A demographic dipstick: 100 years and still counting
Apparently the Bureau of Statistics is considering eliminating the Australian Census.
The census is conducted every five years and has been going in its current form since 1961, that is, five years since 1961. It actually started in 1901, so it is a 100 years institution.
I see this as quite distressing. In fact I wrote an article on this in the Australian newspaper. We are losing a social record. This is a demographic dipstick into the Australian nation that has been going on for 100 years. And you can see the transformation of Australia through the census.
But I think it is more than that. The proposition apparently is to have the census every 10 years to bring it into line with the Americans and the British. However, Australia with 24 million people spread across such a vast continent we have to be razor sharp in allocation of our resources – the public sector and the private sector. We more than any nation on the planet can’t afford to be wasteful in our resource allocation. And that is why I think we need a five yearly census.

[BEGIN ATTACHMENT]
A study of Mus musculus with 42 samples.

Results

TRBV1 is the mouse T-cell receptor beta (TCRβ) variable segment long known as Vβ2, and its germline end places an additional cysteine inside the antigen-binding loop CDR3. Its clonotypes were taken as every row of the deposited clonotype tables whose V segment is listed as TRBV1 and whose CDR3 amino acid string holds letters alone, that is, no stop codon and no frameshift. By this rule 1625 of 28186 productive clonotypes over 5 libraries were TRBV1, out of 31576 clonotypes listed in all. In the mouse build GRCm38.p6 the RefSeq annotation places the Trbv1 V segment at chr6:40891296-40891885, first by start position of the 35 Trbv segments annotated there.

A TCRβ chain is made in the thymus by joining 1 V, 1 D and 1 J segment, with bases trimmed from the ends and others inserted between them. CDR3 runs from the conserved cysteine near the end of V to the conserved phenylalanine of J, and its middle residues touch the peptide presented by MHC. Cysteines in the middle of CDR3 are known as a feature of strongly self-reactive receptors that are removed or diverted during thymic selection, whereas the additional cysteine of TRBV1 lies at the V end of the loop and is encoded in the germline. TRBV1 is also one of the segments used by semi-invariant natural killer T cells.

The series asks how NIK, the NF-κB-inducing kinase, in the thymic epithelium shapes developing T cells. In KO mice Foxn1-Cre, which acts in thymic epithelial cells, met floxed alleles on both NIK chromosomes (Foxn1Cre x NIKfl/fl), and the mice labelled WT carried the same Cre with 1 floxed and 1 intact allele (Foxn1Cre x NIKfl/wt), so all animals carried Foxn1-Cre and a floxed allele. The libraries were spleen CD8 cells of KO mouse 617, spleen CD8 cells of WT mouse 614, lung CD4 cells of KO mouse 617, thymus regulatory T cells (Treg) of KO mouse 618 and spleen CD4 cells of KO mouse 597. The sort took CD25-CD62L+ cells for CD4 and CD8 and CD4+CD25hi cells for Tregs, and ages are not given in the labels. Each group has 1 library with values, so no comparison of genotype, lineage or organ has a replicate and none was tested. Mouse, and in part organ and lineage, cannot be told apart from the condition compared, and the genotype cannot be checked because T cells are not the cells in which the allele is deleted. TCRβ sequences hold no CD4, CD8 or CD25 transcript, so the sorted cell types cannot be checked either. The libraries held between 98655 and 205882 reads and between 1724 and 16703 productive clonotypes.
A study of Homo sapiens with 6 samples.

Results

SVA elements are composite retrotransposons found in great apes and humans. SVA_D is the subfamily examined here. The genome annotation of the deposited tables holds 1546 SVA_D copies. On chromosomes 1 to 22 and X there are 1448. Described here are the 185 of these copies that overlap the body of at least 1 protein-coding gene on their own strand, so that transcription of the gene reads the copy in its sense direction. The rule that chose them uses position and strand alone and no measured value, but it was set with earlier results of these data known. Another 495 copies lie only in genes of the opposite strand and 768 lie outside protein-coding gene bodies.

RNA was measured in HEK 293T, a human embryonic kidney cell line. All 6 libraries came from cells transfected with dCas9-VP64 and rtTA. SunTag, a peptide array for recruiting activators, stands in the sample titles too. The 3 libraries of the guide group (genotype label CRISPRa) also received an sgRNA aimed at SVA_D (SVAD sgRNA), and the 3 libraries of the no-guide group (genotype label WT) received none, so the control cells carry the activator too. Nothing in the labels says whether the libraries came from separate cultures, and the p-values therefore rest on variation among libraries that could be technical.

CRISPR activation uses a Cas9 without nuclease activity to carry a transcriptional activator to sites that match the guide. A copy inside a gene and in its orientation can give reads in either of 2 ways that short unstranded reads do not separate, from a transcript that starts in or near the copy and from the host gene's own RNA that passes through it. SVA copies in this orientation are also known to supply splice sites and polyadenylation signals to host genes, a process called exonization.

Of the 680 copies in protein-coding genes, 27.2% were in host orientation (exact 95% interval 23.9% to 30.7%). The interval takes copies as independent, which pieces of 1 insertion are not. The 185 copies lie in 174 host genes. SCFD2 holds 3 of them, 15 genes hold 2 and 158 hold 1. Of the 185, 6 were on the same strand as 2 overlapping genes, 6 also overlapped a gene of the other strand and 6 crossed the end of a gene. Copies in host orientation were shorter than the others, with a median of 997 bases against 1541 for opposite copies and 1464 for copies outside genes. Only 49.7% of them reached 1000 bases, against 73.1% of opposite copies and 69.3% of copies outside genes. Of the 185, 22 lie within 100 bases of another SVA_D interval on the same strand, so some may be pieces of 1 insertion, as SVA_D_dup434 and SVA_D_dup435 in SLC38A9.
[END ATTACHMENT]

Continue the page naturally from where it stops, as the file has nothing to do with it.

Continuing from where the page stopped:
The other argument is, there is no arguing with a census. Everyone was asked, here is the answer. If you replace this with a series of surveys, well then, you know, how well was the survey taken, how representative was it. Was it representative from a geographic basis? You can never really be sure.
If you are in charge of a decision that allocates hundreds of millions or billions of dollars you really want to know you are on solid ground. A census delivers that solid ground.
For that reason I am in favour of maintaining the Australian Census.